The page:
Photo: epantha/Getty Images/iStockphoto
A new study from a team of researchers in Denmark and France suggests that regular, prolonged use of the common painkiller ibuprofen in men could potentially lead to hypogonadism, a disorder which can, in severe cases, lead to infertility.
The study, published in Proceedings of the National Academy of Sciences, was fairly small. Researchers gave 14 men between the ages of 18 and 35 three tablets of ibuprofen a day for six weeks, and 17 others were given a placebo. Although overall testosterone levels in the blood remained stable in all the men, after just two weeks, researchers found hormonal imbalances in those who were taking the ibuprofen. There found an increase in luteinizing hormones, which stimulate the body’s testosterone production. This suggested that something in the painkiller was causing problems in the testicles, and preventing them from producing testosterone.
In order to compensate for this, the pituitary gland produced more of another hormone which boosts testosterone production. This meant that testosterone levels remained constant but, according to MedicalXpress.com “the body was overstressing to compensate for the detrimental impact of the Ibuprofen — a state called compensated hypogonadism.”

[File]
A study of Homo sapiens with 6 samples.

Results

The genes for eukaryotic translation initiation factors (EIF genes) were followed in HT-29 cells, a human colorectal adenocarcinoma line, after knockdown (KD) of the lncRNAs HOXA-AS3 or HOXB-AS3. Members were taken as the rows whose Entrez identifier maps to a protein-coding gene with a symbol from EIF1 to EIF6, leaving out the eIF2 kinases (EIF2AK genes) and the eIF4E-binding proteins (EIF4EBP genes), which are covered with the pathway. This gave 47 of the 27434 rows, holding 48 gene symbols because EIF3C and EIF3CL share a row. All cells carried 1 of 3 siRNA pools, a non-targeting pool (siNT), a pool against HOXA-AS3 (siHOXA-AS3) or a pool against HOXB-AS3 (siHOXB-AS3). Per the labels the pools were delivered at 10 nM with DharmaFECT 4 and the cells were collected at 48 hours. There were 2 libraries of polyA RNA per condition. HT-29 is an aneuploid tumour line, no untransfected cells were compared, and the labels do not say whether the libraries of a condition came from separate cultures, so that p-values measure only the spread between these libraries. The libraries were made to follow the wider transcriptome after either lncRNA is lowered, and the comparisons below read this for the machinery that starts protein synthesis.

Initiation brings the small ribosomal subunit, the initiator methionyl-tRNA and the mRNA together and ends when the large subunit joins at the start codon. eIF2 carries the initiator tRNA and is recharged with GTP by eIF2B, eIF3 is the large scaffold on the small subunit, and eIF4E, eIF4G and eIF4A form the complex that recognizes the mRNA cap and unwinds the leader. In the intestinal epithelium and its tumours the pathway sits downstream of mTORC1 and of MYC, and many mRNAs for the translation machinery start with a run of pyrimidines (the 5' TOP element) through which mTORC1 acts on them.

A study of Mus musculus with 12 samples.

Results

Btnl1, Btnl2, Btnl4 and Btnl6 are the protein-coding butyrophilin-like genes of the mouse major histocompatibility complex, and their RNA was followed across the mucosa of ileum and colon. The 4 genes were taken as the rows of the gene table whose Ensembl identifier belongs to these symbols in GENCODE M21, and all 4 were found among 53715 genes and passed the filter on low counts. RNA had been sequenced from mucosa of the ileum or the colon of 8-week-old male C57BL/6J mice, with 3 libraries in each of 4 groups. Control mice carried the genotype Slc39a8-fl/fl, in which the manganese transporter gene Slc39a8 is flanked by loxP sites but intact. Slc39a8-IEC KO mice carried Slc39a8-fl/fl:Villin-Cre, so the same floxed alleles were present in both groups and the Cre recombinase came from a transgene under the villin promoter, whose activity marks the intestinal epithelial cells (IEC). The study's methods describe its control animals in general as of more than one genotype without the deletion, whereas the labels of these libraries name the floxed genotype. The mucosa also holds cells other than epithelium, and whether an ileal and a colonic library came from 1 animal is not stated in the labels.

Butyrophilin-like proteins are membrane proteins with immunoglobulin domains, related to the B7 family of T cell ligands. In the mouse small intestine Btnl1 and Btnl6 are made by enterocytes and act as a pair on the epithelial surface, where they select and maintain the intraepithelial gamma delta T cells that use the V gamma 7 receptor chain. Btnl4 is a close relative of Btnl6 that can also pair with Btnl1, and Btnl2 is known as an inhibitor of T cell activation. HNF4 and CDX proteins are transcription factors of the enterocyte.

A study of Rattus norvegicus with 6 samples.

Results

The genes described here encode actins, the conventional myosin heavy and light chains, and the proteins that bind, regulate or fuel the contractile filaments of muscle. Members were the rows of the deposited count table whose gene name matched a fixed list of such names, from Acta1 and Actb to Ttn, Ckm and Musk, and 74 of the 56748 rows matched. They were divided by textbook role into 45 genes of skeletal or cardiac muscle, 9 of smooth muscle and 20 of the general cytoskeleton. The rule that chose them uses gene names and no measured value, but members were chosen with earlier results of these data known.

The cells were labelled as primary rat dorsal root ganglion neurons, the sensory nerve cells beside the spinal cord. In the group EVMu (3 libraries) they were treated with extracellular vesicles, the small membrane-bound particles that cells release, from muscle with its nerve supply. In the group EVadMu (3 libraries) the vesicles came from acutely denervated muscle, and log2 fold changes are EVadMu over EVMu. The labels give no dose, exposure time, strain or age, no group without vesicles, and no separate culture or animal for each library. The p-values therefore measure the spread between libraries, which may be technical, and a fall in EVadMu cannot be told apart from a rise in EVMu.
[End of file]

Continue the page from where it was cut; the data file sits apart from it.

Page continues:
Compensated hypogonadism can lead to a reduction in the body’s production of sperm cells and reduced fertility, as well as depression and an increased risk of heart attacks and stroke. Though experts believe these effects are reversible, over an extended period of time, the condition can evolve into overt primary hypogonadism, a more serious condition whose symptoms include “reduction in libido, muscle mass, and mood changes.”
Researchers acknowledge that their study was small, and further research is needed. And as Erma Z. Drobnis, an associate professional practice professor of reproductive medicine and fertility at the University of Missouri, Columbia, told CNN, fertility research on one of the most commonly used over-the-counter drugs is overdue.
“Larger clinical trials are warranted,” she said. “This is timely work that should raise awareness of medication effects on men and potentially their offspring.”